Your money or your domain name!

* Domain tasting, kiting and front running

Way back in the mists of time - January this year to be exact - in my Backspin column I wrote about Network Solutions Inc. (NSI) and its practice of "front running." Given that NSI charges $34.99 for a one year registration while many other registrars charge under $10 for more or less the same service means that NSI is performing something not entirely dissimilar to highway robbery ("your money or your domain name!").

Way back in the mists of time - January this year to be exact - in my Backspin column I wrote about Network Solutions Inc. (NSI) and its practice of "front running." Allow me to quote myself to explain front running:

“Let's say you were starting a new company and you were going to, oh, I don't know, say, sell VoIP to retired sailors. You might have an "ah ha" marketing moment and decide that "callmeishmael.com" was the perfect domain name. (I use this name merely as an example because it amuses me; someone currently owns it and wants $2,288 for it. Good luck to them.) / So, with dreams of naming perfection and a subsequent IPO dancing in your head, you might well have gone to Network Solutions and searched the Whois service to see if the name was available. Should you have done so you would have run up against what others discovered: The name you just searched for was available but with a four-day 'lock' on it set by Network Solutions. This lock meant that you couldn't register the domain with a more reasonably priced registry service.”

Given that NSI charges $34.99 for a one year registration while many other registrars charge under $10 for more or less the same service means that NSI is performing something not entirely dissimilar to highway robbery ("your money or your domain name!").

I got no official response from NSI and the company (as far as I could determine) curtailed this ethically untenable practice.

There was a side effect of NSI’s practice that enabled an equally uncivilized practice: Domain tasting. A domain taster is someone who registers a desirable domain name and tries to sell it within the five day grace period. If they cancel the registration under the terms of registrar contracts with ICANN (the quasi-governmental organization that regulates the domain industry) the domain registration price is refunded. A taster’s life was very easy because NSI made the names of locked domains available to anyone who cared to examine a special domain server of theirs called reserveddomainname.com!

As an added twist when tasters cancel their registrations within the five day grace period and then re-register them, try to sell them, cancel, re-register, try again to sell them, cancel yet again and so on they are guilty of “domain kiting.”

According to Wikipedia, “In April 2006, out of 35 million registrations, only a little more than 2 million were permanent or actually purchased. By February 2007, the CEO of GoDaddy reported that of 55.1 million domain names registered, 51.5 million were canceled and refunded just before the 5 day grace period expired and only 3.6 million domain names were actually kept.”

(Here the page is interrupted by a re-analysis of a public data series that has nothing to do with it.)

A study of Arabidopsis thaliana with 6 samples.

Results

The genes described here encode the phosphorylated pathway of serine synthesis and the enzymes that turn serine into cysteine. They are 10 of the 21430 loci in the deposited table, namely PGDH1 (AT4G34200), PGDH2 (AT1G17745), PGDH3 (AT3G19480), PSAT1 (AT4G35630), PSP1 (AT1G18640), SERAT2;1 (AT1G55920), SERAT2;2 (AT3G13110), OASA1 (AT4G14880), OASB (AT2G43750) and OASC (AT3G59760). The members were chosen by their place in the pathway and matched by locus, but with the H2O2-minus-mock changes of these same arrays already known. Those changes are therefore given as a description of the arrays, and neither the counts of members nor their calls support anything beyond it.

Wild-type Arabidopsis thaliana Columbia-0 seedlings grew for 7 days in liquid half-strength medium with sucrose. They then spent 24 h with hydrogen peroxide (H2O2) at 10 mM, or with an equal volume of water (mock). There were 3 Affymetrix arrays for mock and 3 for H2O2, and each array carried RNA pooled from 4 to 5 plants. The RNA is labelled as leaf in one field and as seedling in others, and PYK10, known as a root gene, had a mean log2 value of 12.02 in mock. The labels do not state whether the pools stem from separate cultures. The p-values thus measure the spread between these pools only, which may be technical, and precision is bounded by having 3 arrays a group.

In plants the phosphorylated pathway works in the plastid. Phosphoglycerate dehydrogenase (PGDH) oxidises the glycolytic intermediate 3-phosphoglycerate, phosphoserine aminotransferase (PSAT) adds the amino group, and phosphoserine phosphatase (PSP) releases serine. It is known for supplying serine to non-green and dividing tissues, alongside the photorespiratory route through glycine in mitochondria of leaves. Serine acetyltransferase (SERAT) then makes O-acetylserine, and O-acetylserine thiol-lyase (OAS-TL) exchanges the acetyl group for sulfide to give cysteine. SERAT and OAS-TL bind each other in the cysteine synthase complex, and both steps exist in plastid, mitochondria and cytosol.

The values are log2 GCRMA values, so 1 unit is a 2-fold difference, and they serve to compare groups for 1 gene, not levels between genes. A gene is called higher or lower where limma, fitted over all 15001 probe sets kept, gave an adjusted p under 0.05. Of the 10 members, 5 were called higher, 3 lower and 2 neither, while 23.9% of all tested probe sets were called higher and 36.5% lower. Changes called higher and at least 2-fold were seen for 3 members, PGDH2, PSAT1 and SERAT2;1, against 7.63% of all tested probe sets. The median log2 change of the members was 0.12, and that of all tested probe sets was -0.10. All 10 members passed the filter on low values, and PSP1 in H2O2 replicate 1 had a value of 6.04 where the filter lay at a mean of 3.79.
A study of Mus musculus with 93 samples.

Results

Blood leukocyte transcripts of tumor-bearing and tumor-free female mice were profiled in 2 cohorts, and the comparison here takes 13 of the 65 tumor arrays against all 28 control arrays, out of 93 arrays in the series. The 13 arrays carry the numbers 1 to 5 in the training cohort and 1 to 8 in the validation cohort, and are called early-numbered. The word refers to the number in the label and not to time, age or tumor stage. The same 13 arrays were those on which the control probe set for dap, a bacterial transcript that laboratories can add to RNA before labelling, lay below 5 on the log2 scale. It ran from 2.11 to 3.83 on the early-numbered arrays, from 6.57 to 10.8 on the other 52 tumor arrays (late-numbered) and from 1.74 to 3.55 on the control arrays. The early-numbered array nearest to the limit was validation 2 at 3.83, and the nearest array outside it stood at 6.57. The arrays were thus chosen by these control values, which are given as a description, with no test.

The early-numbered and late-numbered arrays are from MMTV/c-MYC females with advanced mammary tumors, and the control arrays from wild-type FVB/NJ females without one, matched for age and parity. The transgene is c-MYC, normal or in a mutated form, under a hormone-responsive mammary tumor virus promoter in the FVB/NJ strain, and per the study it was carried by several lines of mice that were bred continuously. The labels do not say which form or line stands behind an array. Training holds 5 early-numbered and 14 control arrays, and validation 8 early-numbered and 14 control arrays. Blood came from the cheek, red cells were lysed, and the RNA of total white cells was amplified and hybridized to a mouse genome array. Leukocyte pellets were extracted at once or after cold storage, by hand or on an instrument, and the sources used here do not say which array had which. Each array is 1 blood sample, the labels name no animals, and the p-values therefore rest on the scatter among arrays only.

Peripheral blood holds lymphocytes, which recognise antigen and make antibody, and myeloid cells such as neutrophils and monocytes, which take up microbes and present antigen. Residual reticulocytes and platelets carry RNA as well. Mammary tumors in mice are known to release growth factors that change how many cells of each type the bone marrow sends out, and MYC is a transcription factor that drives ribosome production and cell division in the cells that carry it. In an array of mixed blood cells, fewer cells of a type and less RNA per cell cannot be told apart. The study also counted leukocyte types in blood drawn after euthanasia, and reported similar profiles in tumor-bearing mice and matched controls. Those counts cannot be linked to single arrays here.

Back in January NSI argued that their practice of front running was intended to thwart domain tasters but, of course, such an argument was completely bogus. The fact was that the NSI lock merely prevented the domain registrant from going to another registrar during the lock period and at the same time exposed the desired name to the legions of tasters and kiters who were ready to pounce once the lock expired.

On Friday, June 20, NSI issued a press release titled “Network Solutions Encourages ICANN to Adopt Transaction Fee to End Domain Tasting and Front Running.” While the underlying proposal (charging a small non-refundable fee to make a registration) is valid and useful, the fact NSI overlooks its own behavior is amazing!

This release which shows just how enormous NSI’s, er, egos are by them having the chutzpah to position themselves as having the moral high ground over the very practice they were guilty of!

Michael Arrington at TechCrunch was one of the first to call BS on the press release (the comments are worth scanning):

“Hypocrisy alert: Domain name registrar Network Solutions, which earlier this year adopted the questionable practice of registering on its own behalf any domain name searches done on its site, today urged the industry to abandon the practice.”

This prompted Shashi Bellamkonda, NSI’s Social Networking Swami (that is really his title) to respond to Arrington with:

“We have been advocating that ICANN implement a nonrefundable fee for more than 3 years because we could see domain tasting, kiting and front running were growing issues. We have public documents that prove that and I would be more than happy to provide them to you. / We published this statement today and alerted bloggers such as yourself who have already demonstrated interest in this issue. Next week’s conference is a critical moment for domain registration and issues of tasting, kiting and front running. We believe that collectively all of us can inspire ICANN to address this important matter.”

What has been missed in this particular fracas is that NSI hasn’t been the only culprit in the front running game, simply the biggest and most visible.

So why does all of this matter? Simple, the registrars are key players in the management of the Internet and they are licensed to do so by one of the most screwed-up, politicized authorities on the planet: ICANN!

This is a recipe for chaos and enabling vested interests and the result is the scandalous behavior I’ve outlined above. The Internet, the most powerful communications system in history, should not be an ATM and a game for a few select companies.

NSI’s tag line is “Solutions are power” and they’re right – when you own and control a such a “solution” with so few constraints you are really powerful. Unfairly so.